I have been a part of the Discovery Educator Network almost since its inception. I wasn’t at that first NECC (now ISTE) conference when the idea was birthed. Honestly, I didn’t know NECC or ISTE existed. I was just a 7th/8th grade English teacher trying to find ways to interest kids in diagramming sentences, fixing dangling participles, and pass a state writing assessment.
My go-to service for that was United Streaming videos. I used them. A lot. And that got me invited to that first meeting of the minds in Silver Spring, MD. And that, as they say, was that.
I had struggled in my classroom, and in my school, as an early adopter of technology beyond using PowerPoint as a mind-numbing teaching tool. I had no one to help me. I desperately needed a guide. I needed someone who had been down this road already and could help me miss the potholes and gain traction when things got slippery on the slope.
That first meeting was like being able to breathe fully for the first time when a heavy weight has been lifted off your chest. I had no idea what I was doing. I was in way over my head. I faked a lot of stuff that week. I didn’t talk much. I listened. I watched. I copied. I stole…er…borrowed. But most importantly, I thrived. I came alive. I found a home. A family.
Over the years I feel like I’ve been pretty good to the DEN. I’ve given a lot of time and effort. I’ve traveled. I’ve presented. I’ve mentored. But no matter how much I give, I can only scratch the surface of what dozens and hundreds and thousands of others have given back to me. When I sit down and talk about the DEN’s direct impact on me as a teacher I have a lot to say. When I try to talk about the DEN’s impact on me as a human being, as a loner who finally found connection, as an introvert that finally found a voice, I nearly always choke back tears. Yes. The connections made in the DEN are just that powerful.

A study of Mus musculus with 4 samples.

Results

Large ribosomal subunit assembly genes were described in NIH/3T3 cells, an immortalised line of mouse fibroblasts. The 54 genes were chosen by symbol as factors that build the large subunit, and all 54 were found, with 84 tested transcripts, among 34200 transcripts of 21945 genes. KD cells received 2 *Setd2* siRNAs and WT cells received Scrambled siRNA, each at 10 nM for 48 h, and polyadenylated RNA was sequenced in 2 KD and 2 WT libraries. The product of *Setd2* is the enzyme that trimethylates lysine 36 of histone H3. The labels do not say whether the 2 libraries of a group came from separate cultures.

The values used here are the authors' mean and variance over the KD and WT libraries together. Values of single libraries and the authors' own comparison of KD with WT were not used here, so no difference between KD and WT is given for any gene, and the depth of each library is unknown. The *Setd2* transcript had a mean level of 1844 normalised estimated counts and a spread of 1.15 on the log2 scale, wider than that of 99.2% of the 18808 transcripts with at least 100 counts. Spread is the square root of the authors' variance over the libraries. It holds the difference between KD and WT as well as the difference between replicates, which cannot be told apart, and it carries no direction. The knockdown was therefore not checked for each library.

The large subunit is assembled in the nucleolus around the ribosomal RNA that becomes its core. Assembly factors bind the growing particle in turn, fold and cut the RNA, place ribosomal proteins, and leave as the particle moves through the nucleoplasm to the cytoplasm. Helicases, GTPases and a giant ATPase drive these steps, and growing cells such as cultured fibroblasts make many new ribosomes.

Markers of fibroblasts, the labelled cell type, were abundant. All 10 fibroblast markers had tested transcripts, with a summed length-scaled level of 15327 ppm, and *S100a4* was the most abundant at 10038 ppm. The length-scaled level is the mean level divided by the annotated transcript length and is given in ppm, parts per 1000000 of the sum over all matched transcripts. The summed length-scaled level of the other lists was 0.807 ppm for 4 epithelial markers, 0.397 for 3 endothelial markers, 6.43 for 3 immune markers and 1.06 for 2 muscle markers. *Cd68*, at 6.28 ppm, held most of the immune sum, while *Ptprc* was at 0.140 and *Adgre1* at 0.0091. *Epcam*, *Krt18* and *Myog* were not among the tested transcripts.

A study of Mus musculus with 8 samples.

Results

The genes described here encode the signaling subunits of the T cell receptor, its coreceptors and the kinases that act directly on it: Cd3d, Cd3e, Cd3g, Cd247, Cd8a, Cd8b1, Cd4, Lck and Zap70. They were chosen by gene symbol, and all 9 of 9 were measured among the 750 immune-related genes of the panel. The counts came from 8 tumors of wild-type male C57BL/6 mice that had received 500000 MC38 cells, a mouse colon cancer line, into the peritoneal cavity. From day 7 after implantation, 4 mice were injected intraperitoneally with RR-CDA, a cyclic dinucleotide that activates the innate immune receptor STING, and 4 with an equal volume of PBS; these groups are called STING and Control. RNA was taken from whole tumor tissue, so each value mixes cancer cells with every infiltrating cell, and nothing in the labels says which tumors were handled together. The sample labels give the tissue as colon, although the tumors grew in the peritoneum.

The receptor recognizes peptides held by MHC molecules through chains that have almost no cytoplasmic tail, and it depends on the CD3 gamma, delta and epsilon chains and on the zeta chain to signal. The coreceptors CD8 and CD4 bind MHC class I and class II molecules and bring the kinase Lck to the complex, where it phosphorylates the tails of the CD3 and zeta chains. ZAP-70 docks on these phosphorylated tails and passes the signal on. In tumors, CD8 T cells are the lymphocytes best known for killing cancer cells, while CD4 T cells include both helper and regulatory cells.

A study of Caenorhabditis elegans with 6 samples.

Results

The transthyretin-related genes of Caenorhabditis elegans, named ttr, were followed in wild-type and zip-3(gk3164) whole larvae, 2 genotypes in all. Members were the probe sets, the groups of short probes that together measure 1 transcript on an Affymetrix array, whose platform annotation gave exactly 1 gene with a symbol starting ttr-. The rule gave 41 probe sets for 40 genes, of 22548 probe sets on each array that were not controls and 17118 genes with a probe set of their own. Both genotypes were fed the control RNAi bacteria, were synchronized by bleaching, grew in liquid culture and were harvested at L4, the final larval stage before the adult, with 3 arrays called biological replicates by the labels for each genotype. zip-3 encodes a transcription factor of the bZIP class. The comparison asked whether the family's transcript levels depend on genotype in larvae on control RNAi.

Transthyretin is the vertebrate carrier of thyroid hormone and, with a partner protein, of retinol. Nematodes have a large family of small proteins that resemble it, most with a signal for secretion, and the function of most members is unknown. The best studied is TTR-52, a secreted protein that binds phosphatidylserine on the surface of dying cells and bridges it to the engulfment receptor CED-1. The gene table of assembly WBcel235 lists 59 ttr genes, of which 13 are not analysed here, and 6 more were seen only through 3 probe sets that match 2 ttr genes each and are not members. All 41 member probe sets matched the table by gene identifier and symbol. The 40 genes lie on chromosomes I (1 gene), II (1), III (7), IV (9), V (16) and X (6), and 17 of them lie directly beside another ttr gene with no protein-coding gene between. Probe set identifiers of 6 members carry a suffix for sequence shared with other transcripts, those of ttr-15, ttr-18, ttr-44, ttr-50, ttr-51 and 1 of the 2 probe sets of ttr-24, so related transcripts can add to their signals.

I’ve connected with many DEN Stars on Facebook and Twitter. I have friends, real living breathing people I’ve actually met, in nearly every state and several countries around the world. When we talk about issues at my school, my first response is nearly always, “Let me check with some of my friends in the DEN and see what they are doing about this…”
You ask me why I love the DEN? Quite simply, it has transformed my teaching and learning from the enclosure of four walls around thirty desks to the wide open expanse of the universe. Sounds kinda hokey, right? Yeah, I get that a lot. Love does that to a person.